Last month the Tate announced the four artists chosen to compete for the 2015 Turner Prize. The award, currently in its 31st year, is arguably the most prestigious in Britain’s arts establishment. Established in London in 1984, the Turner Prize is annually awarded to a British artist under the age of 50 for a work he or she created in the preceding year. Surrounding the actual awarding of the prize itself is a nearly four month long exhibition of the shortlisted artists’ works, during which the Tate, the artists, and the sponsors of the award garner an overwhelming amount of media attention. Initially designed to promote conversations around contemporary art and help connect it to mainstream culture, the Turner Prize has in a larger sense grown into the modern-day form of Patronage in the arts, providing young British artists with a platform and the financial means to create since its inception over thirty years ago. And it seems as though these efforts have paid off—contemporary art is bigger and bolder than its ever been and yet each year the public grows increasingly unimpressed, which begs the question: has the Turner Prize run its course?
In 2011, former Turner Prize and BP Portrait Award judge Jonathan Jones exclaimed, “I have taken a certain amount of pleasure in the way a jury can make a point, even advance an argument; how an interesting choice of shortlist, a convincing winner, can convey ideas about art”. He continued, “But that’s one way of looking at it. At times there seems to be a new prize announcement every few days. Can this really be good for culture? And what drives it?”. What Jones is getting at is the prolific rise of awards handed out in the visual arts in recent years and how—in his opinion, and the opinion of many activist groups—this is not a case of ‘the more the merrier’. In fact, recently there has come to exist a palpable fear amongst art world experts that we’re beginning to confuse quantity with quality. In the heyday of the Turner Prize, the award was granted to one member of a particular clique of artists. Contemporary art was, generally speaking, still in its adolescence. The great practitioners were few and far between, and the purpose of the Turner Prize was to promote a dialogue by passing the award’s baton from one artist to the next—until it eventually went full-circle. In an article in last November’s Vanity Fair, writer Caroline Roux explains, “In the flurry of YBA excitement in the 1990’s, there were just the right number of contemporary British artists a particularly exhibition-friendly type to form an orderly queue. ‘Thats why its called the Turner Prize,’ quipped the Chapman Brothers. ‘Because Everyone gets a turn’”. It’s primary function was to strengthen the public’s understanding of Contemporary art at a time when society as a whole found it strange, inaccessible, silly, and at times crude. The goal was to raise consciousness surrounding anti-establishment art, a task that has long since been completed.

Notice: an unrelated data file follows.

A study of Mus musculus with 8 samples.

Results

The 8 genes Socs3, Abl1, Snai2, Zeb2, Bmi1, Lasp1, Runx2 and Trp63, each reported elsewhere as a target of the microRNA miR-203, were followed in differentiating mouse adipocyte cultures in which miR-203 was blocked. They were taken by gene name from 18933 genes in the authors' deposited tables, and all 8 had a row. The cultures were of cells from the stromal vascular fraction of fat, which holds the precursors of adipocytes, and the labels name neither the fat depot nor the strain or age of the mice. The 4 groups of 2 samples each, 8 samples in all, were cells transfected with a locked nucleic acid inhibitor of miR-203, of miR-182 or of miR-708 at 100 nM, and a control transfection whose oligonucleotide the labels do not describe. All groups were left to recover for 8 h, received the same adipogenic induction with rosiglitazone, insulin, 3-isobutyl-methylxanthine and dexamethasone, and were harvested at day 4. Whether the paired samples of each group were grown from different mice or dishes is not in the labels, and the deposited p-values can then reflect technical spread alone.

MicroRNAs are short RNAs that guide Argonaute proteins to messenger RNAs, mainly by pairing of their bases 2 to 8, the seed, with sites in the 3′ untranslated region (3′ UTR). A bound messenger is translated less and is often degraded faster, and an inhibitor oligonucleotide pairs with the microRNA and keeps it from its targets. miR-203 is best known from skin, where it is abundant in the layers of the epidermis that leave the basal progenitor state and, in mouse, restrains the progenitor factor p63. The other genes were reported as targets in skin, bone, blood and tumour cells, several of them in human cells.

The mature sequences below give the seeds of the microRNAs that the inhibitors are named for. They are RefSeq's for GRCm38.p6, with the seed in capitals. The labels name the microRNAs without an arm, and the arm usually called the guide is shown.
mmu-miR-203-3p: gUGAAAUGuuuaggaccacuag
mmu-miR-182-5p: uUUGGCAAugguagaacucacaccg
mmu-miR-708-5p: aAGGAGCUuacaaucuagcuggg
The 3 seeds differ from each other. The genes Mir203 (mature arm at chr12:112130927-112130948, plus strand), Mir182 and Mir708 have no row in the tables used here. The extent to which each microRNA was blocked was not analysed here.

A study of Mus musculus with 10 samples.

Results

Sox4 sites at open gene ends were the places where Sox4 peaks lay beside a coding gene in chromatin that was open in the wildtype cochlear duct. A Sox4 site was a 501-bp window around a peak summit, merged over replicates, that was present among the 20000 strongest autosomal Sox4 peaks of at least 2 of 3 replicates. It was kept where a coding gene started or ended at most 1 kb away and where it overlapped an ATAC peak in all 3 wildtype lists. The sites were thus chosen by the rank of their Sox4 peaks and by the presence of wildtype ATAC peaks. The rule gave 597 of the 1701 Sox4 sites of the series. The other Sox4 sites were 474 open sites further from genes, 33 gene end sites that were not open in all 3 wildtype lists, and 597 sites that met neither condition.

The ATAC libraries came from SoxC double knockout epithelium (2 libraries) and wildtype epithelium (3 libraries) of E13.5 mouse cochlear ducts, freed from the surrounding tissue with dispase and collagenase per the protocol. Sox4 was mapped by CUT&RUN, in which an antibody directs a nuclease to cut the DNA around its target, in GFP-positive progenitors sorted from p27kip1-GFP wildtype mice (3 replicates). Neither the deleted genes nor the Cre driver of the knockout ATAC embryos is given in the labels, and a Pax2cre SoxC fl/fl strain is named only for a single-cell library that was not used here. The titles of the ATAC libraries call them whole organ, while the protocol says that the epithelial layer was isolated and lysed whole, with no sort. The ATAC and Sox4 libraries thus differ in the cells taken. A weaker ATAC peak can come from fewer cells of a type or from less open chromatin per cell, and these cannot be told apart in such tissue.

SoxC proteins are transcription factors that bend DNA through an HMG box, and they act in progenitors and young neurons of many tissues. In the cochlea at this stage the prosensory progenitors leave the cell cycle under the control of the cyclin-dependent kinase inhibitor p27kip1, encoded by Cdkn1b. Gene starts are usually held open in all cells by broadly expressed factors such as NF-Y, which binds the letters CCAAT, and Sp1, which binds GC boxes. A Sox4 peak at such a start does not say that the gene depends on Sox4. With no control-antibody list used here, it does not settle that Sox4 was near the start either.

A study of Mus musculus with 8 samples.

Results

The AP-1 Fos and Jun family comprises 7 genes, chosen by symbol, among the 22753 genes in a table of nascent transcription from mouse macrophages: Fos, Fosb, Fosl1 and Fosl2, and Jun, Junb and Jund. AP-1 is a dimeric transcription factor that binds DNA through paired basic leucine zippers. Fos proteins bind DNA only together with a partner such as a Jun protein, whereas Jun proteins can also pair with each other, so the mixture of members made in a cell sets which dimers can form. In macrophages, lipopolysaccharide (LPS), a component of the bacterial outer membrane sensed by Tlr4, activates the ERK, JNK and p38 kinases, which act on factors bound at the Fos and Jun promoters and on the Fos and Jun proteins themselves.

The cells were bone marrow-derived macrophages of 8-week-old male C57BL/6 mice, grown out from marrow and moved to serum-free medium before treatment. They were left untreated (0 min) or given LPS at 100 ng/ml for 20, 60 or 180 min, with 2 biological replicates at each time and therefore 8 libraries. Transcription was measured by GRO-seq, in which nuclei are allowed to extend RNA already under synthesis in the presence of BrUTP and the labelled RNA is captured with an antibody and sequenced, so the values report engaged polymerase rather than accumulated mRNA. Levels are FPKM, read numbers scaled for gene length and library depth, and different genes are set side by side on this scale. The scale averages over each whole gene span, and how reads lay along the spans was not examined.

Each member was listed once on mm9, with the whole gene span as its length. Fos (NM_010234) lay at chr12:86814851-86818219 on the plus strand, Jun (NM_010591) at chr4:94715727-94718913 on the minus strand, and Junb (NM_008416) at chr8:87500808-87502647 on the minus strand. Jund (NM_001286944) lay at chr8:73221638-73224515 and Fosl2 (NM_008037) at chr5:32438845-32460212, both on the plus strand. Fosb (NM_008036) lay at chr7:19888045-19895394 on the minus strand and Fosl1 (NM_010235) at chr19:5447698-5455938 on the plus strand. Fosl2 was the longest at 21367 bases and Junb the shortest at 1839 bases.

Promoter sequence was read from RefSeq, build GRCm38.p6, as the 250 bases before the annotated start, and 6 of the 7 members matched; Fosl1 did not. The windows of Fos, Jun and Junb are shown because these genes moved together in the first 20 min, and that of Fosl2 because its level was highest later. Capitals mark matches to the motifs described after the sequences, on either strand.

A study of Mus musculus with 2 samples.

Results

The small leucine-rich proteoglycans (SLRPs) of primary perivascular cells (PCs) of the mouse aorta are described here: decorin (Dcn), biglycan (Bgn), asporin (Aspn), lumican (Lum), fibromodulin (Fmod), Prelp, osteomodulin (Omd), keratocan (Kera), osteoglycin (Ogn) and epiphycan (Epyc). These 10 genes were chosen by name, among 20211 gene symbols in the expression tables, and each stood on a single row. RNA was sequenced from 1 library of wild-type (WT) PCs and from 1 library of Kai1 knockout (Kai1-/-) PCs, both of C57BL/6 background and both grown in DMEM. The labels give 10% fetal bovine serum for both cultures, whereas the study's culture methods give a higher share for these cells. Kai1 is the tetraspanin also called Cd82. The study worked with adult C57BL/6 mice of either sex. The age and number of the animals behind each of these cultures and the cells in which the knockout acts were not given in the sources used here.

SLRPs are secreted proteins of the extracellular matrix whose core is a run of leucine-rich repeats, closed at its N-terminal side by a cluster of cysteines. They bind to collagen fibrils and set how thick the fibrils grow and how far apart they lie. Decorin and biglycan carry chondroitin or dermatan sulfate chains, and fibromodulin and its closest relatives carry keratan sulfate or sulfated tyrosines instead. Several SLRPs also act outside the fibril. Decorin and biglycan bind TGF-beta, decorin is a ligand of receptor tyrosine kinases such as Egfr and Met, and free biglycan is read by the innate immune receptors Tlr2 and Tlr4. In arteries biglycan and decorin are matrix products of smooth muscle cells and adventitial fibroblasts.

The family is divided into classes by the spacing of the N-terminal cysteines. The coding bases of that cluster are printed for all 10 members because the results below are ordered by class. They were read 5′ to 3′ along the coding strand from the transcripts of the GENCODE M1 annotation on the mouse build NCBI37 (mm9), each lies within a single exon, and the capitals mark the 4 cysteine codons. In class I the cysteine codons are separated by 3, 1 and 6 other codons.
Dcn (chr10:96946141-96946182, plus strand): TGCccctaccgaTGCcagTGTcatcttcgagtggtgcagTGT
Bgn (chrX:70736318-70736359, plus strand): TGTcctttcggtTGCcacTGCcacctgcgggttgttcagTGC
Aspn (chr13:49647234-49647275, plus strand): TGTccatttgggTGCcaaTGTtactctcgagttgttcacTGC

The June edition of The Art Newspaper lists thirteen artists and architects who have been awarded art prizes this month alone. Now, that number is sure to vary from month to month, but it is pointedly indicative of the dizzying number of artists we have come to bestow these honors upon—and the accompanying sums of cash. There is even an award for patrons, courtesy of Montblanc, which grants outstanding supporters of the arts with £15,000 to fund an artist or project of their choice. The proliferation of art prizes has risen alongside a proliferation of artists themselves, and in conjunction these circumstances have created a situation in which artists rarely manage to get shortlisted more than once in their lifetime. “This is insane,” says The Observer’s art critic, Laura Cumming. “You wouldn’t expect Coetzee or Keneally to be shortlisted just once for the Man Booker and then ignored for the rest of their career…Can you even remember who was shortlisted last year? Who won the year before? Has anything been seen of Tomma Abts since she won in 2006?”.
Increasingly art awards have come to act as one of the countless mechanisms by which the luxury world tries to dignify its own image, and many fear that the current state of entrenchment, coupled with the growing influence of juries as opposed to art critics, prevents prizes from fulfilling their duty of promoting great new art. “The tendency of prizes…is to perpetuate the establishment taste of the day,” says Jones. “And a culture like ours, in which prizes gain increasing power over the arts, needs to beware of sinking into a conservatism that measures the worth of an artist like that of a cabinet full of trophies”. However, despite all the shortcomings of the modern day art prize, the intrinsic function of art awards is not without merit. At a time when countless major museums are canceling shows, cutting staff, and struggling to maintain necessary footfall, art prizes create sponsorship opportunities in which patrons, artists and belt-tightening museums all reap benefits. Hardly anyone is urging for a complete abolishment of art prizes. Rather, the anti-art prize outcry should be understood as a plea for reform, whether that comes in the form of staging awards every three years as opposed to every year, or by changing the selection process and placing leadership into the hands of organizations that more appropriately reflect the vast diversity of art being produced in one particular nation or group of artists. “One thing is for sure,” says The Telegraph’s Mark Hudson. “Something has to change”.